If you’ve been reading the headlines since the holidays, you may have noticed a few trends. Retail storefronts held their own against online shopping sites, and now studies have shown that even online retail stores are in need of a brick-and-mortar presence to stay competitive in a buyer climate of instant gratification.
When I first got in the eCommerce side of placing my handmade cards and gifts online, I turned to the most notable of online shopping communities: Etsy. Setting up the shop proved to be an economical way to add inventory online, while promoting goods via various social media channels to build a following. On average, I was spending about $19.00 a month on brand new listings online.
However after a year, I wasn’t convinced that Etsy was the right fit for an online presence. Once Etsy went public, I decided to take a look at other options. After comparing various online channels with Etsy such as Society 6; Big Cartel; Ebay; and ArtFire, I made the decision to migrate my online store to Ebay to support a global base.
After several months of setting up shop, the numbers seemed to come together in a bigger way as far as results. I was spending $15.95 for 200 listings a month, and I finally made my first online sales to out-of-state customers for handmade cards.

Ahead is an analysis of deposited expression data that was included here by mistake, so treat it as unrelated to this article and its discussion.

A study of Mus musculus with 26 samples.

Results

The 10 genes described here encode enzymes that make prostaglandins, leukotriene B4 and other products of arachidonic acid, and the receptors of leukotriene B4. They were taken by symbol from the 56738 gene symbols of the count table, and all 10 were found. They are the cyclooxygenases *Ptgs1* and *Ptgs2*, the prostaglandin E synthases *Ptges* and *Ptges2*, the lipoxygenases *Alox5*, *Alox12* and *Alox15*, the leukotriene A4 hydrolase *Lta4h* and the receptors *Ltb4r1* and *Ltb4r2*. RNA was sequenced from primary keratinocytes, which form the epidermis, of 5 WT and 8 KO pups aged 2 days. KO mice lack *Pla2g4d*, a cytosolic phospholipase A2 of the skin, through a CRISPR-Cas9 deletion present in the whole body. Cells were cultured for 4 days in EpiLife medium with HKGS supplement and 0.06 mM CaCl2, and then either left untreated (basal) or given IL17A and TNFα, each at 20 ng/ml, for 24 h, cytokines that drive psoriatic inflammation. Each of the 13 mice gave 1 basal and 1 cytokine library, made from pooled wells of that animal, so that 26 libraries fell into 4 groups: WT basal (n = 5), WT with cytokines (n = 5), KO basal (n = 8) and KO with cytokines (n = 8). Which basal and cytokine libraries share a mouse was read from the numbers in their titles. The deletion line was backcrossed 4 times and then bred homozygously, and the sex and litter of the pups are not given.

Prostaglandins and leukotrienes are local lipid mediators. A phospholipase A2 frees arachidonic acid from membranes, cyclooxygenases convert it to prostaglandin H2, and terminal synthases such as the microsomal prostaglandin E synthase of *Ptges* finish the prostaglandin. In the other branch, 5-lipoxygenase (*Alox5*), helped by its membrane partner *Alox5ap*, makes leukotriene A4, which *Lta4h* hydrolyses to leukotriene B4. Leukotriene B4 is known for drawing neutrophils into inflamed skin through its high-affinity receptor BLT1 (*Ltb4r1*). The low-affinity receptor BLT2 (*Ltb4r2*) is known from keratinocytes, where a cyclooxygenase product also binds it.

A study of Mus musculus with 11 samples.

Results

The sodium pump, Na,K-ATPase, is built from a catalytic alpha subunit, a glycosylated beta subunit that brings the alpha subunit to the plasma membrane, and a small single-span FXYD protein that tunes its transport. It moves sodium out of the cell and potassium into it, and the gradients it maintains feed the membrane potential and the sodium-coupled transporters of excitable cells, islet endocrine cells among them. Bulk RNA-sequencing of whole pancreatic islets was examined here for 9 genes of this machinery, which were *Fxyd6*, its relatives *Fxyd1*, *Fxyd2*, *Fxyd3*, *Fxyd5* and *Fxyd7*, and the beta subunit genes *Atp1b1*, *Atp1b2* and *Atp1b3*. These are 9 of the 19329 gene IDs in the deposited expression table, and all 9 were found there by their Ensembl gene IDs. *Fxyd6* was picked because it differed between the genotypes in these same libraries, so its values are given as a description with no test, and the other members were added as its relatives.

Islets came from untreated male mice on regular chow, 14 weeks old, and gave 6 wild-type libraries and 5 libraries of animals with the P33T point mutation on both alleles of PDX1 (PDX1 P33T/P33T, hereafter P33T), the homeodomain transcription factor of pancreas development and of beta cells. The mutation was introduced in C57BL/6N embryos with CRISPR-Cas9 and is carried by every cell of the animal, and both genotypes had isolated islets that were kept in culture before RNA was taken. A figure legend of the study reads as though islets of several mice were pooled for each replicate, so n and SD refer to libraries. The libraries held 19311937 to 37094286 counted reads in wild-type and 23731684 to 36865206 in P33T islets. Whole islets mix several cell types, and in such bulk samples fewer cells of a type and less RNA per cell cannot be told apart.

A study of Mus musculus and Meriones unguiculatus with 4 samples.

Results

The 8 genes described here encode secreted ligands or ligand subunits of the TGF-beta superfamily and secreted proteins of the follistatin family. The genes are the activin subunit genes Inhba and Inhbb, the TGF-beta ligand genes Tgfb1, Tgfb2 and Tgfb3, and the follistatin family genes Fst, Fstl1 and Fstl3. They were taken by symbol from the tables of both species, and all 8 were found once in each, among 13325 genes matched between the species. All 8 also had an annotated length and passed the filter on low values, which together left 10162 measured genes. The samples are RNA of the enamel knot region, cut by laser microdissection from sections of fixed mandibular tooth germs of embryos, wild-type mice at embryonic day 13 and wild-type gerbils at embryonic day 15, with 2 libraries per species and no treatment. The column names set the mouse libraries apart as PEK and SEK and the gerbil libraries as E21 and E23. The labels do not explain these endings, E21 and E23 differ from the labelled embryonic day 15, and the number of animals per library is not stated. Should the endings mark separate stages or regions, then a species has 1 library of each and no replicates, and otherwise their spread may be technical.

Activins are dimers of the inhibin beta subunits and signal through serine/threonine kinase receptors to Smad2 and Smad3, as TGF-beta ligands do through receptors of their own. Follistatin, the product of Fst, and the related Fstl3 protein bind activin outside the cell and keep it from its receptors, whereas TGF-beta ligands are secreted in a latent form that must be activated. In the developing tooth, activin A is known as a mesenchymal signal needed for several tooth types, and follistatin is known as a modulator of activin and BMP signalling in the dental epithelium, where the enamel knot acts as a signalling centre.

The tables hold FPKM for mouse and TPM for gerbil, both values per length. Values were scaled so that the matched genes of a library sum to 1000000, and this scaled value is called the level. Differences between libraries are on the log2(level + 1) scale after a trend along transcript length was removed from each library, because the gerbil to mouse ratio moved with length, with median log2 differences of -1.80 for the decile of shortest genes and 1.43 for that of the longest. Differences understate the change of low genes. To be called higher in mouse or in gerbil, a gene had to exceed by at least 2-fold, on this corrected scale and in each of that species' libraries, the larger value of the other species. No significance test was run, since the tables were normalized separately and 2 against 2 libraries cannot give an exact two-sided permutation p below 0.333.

Then Handmade at Amazon came on to the scene. I applied to be one of the pioneer artists and was chosen to launch as one of its first handmade goods vendors. Still unsure about this new marketplace, I kept my Ebay shop and had Handmade at Amazon on the side to investigate for myself whether it’d be a sensible transition.
After reading several stories from Handmade at Amazon vendors about the fine print, I was alarmed that Amazon added legalese allowing it to compete with its own handmade vendors should they choose to manufacture similar products. Once I read this, I pulled all of my inventory off of Handmade at Amazon completely.
One of the best pieces of advice that I’ve received lately from a fellow crafter was to check out Shopify. Once I started to expand to several additional shared market locations, I learned that Shopify supports a more seamless system of maintaining multiple retail locations, while syncing updates between online and in-store inventory updates.
While paying $29 for the basic plan is a little pricier, this solution makes the most sense for a retailer who desires to build a unique shopping experience for customers that exclusively presents only that retailer’s inventory. I’ve opted for the Facebook shopping cart and BUY NOW options, which at a lower pricepoint of $9 makes sense to integrate the shopping cart into my current website.
To sum it all up, so far by trying out the system during the trial period, I’m more convinced that Shopify is built for wholesale growth. Between an integrated Point of Sale system, retail storefront equipment and social media integration, Shopify is the best I’ve found for a long-term business development and growth strategy platform.
As I further develop this online shopping platform, I will share about my experiences, recommendations and tips for eCommerce shopping and marketing. GET CONNECTED at www.BizOrlando.com for further updates to find out first what’s on the menu for Biz Orlando at HypeOrlando as I continue my entrepreneurial journey.